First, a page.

In a world guided by stories rather than facts, building a sustainable brand would require more sincerity than wokeism.

 

By Cristián Saracco, Founding Partner at Allegro 234. Senior Strategy Advisor at FutureBrand

The Controversial Dilemma between Sincerity & Wokeism

At some point in recent years, many practitioners have believed that, regardless of whether it is true or not, we can craft facts to our liking, and persuade and influence their target audience through stories that support such “parallel realities”.


Not to mention when it comes to sustainability and how it should be conveyed by brands. We are living at a time when many companies have become so green that the blame for pollution, global warming or greenhouse gases lies with the citizens, the cows, the cities without trees. Brutal greenwashing!

Let’s talk about sins - I’ll leave the sinners to you:


• “We have a plan to reduce our plastic consumption by 20% by 2030”. That’s cool! What is not mentioned is that even with that reduction, they will still be the world’s leading generator of plastic waste.


• “Our social commitment is reflected in being a Certified B Corp”. Nice!. However, they forgot to mention that they still have no plans to reduce and change the packaging of their goods, and they are the third company in the world that generates pollution due to their packages.

• “We are an innovative and pioneering company that manufactures and markets non-polluting electric vehicles”. Others who forget to say that the value chain of their manufacturing system does contaminate, and this level of pollution is growing steadily at 4% per year.

• “We belong to the Fast-Fashion world, and we are cool, socially responsible and sustainable”. During this year they have been denounced for lying about sustainability and for labour exploitation in their factories.

Nevertheless, there is a climate crisis that is largely related to our activity, our disdain for the care of public spaces, to our capricious and extemporaneous habits.


What is being done by organisations that seem to be shareholders of the Diazepam manufacturers is not worth talking about.

Just look, for example, at this image of the weather in Spain, which is something like Dante’s 7th Inferno, as opposed to the rest of Europe and North Africa, which does not have this crisis and whose environments remain cool.

In light of all this, brands and the businesses that are synthesised by them, it seems essential to regain and use common sense, and to behave with greater sincerity.



Damn it! Authenticity, Transparency and Sincerity Are Not the Same Thing


Let’s invest two minutes in a series of concepts, not to learn them, but to establish a common basis of understanding among us - although they are pretty nice ones:


• Authenticity: It is a quality of demonstration; it’s an innate characteristic of any subject; we are born authentic. Clear enough?


• Transparency: It is a property of observation. Despite the efforts of some companies, transparency is something that doesn’t lie within their control - even though they may “secretly” manipulate their image to generate that idea. It is up to each of us to decide whether a company is transparent or not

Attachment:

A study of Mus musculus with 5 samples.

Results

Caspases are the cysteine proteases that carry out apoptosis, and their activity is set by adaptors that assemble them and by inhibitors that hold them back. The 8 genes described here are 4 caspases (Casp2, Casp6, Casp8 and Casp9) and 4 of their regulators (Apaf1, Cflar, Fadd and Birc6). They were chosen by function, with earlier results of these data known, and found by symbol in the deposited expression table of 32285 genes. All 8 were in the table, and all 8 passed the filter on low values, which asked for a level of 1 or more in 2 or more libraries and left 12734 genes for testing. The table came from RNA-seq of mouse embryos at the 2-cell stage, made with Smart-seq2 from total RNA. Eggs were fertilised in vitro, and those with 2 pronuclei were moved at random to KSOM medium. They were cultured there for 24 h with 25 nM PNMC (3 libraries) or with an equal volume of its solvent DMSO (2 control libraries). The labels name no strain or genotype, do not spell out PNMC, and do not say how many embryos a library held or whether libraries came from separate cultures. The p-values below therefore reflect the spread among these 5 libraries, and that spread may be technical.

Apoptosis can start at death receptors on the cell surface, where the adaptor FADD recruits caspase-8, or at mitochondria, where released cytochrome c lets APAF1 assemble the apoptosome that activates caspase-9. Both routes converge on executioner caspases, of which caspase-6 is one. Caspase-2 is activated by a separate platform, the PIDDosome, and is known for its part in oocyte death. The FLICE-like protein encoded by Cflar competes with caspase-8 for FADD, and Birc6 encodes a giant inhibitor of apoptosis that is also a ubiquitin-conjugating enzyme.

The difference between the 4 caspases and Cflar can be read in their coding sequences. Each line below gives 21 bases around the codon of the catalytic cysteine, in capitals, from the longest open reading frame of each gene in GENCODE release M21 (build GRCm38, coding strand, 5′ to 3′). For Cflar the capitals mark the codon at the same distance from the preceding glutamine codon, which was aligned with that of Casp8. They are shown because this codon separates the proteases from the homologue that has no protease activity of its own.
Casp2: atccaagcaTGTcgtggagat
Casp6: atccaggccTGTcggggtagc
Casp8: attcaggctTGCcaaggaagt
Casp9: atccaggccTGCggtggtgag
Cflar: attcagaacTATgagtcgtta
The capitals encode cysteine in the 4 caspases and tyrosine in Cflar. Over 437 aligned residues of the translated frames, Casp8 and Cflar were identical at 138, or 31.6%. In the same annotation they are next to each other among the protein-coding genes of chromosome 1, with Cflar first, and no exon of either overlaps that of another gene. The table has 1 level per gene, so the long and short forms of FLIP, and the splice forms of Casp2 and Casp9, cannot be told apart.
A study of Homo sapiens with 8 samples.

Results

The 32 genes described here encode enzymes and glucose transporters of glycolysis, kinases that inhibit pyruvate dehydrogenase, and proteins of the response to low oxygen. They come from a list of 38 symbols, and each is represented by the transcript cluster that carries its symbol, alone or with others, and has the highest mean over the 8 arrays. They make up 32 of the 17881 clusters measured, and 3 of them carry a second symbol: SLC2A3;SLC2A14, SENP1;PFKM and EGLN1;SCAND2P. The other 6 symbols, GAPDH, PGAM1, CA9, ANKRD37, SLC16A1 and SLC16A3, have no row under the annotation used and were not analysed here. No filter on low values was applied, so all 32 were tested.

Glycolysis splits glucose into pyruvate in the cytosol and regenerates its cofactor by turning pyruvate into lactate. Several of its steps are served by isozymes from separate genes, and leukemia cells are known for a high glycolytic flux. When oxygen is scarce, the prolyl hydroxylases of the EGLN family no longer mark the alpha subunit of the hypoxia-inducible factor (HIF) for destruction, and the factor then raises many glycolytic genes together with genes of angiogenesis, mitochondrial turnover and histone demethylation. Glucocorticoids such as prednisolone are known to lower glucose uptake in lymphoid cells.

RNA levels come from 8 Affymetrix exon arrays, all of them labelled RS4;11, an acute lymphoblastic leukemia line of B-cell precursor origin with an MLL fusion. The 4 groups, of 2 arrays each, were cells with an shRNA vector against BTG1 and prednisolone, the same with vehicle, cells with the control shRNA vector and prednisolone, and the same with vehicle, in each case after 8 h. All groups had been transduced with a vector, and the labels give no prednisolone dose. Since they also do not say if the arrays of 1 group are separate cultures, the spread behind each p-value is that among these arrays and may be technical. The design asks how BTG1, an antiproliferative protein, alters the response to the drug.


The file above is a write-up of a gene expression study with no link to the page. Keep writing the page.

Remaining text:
• Sincerity: It is being true to oneself without neglecting others. It’s about recognising that the company lives in a world that goes beyond its own borders. It is about deeply considering its impact on the world

Babies are authentic, kids learn to behave sincerely. The same can happen with companies.


Let’s Build Stories Based on Real Facts, for Fantasy, We Still Have Star Trek

Brands must be sincere - neither authentic, nor live in “Raiders of the Lost Transparency”. Does this make it necessary to stop telling stories, especially given how beautiful they are?


Actually, the answer to the above question is no. It is about building stories. It is about building stories, not telling them. To build, one needs a plan, a foundation, materials, etc.


The connection between brand and sustainability is about stories that are based on realities, that do not scare, that go to the very basis of branding, whose

objectives, among others, include:


• Being relevant and belonging to a specific category.

• Differentiating oneself from the rest

• Reducing uncertainties, which in turn requires transmitting tranquillity

Be rational in what needs to be kept rational, objective in the way things happen, attentive in what makes a difference, emotional in what keeps us alive.

Some Brands Do the Right Thing, Others Don’t, Even If They Tell Us Their Epic Stories


Brands should think about something as basic as the fact that sustainability issues are an additional imperative that must be part of, engage and commit those who interact with them.


It is a continuum that goes beyond the epic of their stories and that, like any experience, should propose a symbolism and rituals that invite us to be part of their experience.


Let us set aside the cancellation processes that are so in vogue today because the solution may not be the one that is acceptable for all of us, because if there was only one possibility, we would lose one of the most important characteristics of our humanness, the ability to create options and make choices.


Seek real solutions - even if they are not ideal - that will make the world a better and more liveable place. Let us take responsibility for our every action and the impact they have. Let us synthesise in brands what companies really and truly are and do.


Isn't it interesting that commercial branding consultants responsible for selling striped toothpaste and fizzy drinks, not philosophical opposition, are the ones knocking the wind out of the post-modernist sail? Reality is a beautiful place that we must learn to appreciate to live in. Try to bend it out of shape and you find yourself sleeping in a suitcase! Nice article.